Your Mac’s screen is measured in pixels; top to bottom, left to right. Pixels themselves vary a bit in size, but most Mac onscreen measurements are done in pixels. How do you measure pixels? Start with a PixelStick.
In App Measuring vs. All App Measuring
Mac graphics apps usually come with their own screen or object measuring features. These are usually rulers and guides to accurately measure a graphic element.
PixelStick does that anywhere on your Mac’s screen, and within any Mac application. It’s not just measuring top to bottom or left to right. It measures pixels between objects, between boundaries, including angles.
Preferences are a snap to set up.
The Circular Guides can be confusing, but are handy for measuring angles. The only other item onscreen besides the actual stick is the PixelStick measuring guide.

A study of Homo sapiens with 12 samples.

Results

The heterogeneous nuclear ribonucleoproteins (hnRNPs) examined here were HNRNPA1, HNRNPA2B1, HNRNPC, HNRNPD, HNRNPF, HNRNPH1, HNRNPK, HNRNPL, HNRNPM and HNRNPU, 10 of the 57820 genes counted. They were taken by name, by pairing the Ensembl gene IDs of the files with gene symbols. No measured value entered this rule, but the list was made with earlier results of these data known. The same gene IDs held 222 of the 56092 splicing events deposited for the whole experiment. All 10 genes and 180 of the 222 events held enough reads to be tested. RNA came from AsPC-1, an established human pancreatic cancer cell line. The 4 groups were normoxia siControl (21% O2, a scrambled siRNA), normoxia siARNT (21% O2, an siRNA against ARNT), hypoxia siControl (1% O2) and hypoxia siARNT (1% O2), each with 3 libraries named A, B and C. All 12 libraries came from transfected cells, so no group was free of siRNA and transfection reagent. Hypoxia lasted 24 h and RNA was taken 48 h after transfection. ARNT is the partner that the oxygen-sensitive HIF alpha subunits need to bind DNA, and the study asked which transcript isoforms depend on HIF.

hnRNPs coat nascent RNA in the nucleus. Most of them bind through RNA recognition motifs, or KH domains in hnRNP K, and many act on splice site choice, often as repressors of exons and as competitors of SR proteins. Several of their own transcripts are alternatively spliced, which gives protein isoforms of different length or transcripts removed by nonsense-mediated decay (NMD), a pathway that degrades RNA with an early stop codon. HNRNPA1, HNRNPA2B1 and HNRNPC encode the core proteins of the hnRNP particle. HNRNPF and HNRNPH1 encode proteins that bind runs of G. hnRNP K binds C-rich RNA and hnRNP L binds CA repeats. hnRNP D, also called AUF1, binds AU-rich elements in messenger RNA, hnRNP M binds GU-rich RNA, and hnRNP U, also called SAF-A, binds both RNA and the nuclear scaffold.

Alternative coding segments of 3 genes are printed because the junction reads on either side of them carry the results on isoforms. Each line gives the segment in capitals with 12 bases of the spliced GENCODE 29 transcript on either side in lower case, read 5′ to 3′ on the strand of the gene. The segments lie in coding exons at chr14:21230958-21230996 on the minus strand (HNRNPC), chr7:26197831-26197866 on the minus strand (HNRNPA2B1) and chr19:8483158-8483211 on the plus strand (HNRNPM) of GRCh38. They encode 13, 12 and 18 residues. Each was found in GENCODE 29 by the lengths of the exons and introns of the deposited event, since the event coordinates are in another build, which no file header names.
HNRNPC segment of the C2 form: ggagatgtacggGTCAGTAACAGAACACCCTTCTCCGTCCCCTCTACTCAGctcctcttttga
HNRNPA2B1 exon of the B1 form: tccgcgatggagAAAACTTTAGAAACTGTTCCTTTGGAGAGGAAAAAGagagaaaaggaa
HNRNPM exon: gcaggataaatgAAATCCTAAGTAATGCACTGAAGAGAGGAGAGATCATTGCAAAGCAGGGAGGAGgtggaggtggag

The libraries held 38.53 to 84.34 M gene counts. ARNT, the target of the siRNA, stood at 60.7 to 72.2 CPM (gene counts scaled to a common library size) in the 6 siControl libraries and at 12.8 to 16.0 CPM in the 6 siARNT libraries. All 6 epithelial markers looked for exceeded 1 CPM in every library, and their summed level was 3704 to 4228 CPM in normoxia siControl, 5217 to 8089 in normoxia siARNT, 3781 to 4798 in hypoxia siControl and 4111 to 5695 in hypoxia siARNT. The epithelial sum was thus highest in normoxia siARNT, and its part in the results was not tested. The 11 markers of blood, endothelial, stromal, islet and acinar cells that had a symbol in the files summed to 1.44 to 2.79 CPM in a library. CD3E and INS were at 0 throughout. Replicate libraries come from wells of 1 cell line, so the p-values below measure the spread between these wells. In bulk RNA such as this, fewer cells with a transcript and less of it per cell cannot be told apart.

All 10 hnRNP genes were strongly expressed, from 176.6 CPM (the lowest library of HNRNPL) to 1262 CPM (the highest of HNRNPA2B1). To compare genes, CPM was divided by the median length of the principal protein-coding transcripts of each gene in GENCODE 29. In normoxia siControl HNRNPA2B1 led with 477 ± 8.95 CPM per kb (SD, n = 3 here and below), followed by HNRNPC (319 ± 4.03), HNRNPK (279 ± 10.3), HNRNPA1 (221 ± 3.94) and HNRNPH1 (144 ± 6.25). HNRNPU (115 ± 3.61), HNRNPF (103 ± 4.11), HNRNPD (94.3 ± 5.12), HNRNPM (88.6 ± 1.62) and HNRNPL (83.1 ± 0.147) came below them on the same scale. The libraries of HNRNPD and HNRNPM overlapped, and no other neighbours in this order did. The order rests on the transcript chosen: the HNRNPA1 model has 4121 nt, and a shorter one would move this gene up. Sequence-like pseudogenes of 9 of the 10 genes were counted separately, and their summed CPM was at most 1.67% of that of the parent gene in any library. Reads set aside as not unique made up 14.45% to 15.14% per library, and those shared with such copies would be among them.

The stick itself is different than most other pixel measuring apps. It’s, well, a stick. You drag either end in any direction to line up the guides over a graphic element. The floating box displays all the basic information you need; location on screen, angles, axis, and pixels.
Either end of PixelStick can be dragged in any direction on the screen. The center box allows the guides to be moved (not stretched). I found the measurement between objects onscreen to be more difficult than Xscope (which doesn’t do angles).
Also included is an eyedropper which grabs colors information (for CSS, RGB, RGB hex, etc.) from any pixel on the screen. PixelStick thinks different and may take some time to get used to because it’s not a ruler in the traditional sense. It also manages to display pixel distance between two objects or points, and pixel difference between objects.
PixelStick is try-before-you-buy, affordable, nicely done, but different, and requires some getting used too. There are no rulers, and no guides, only measurements.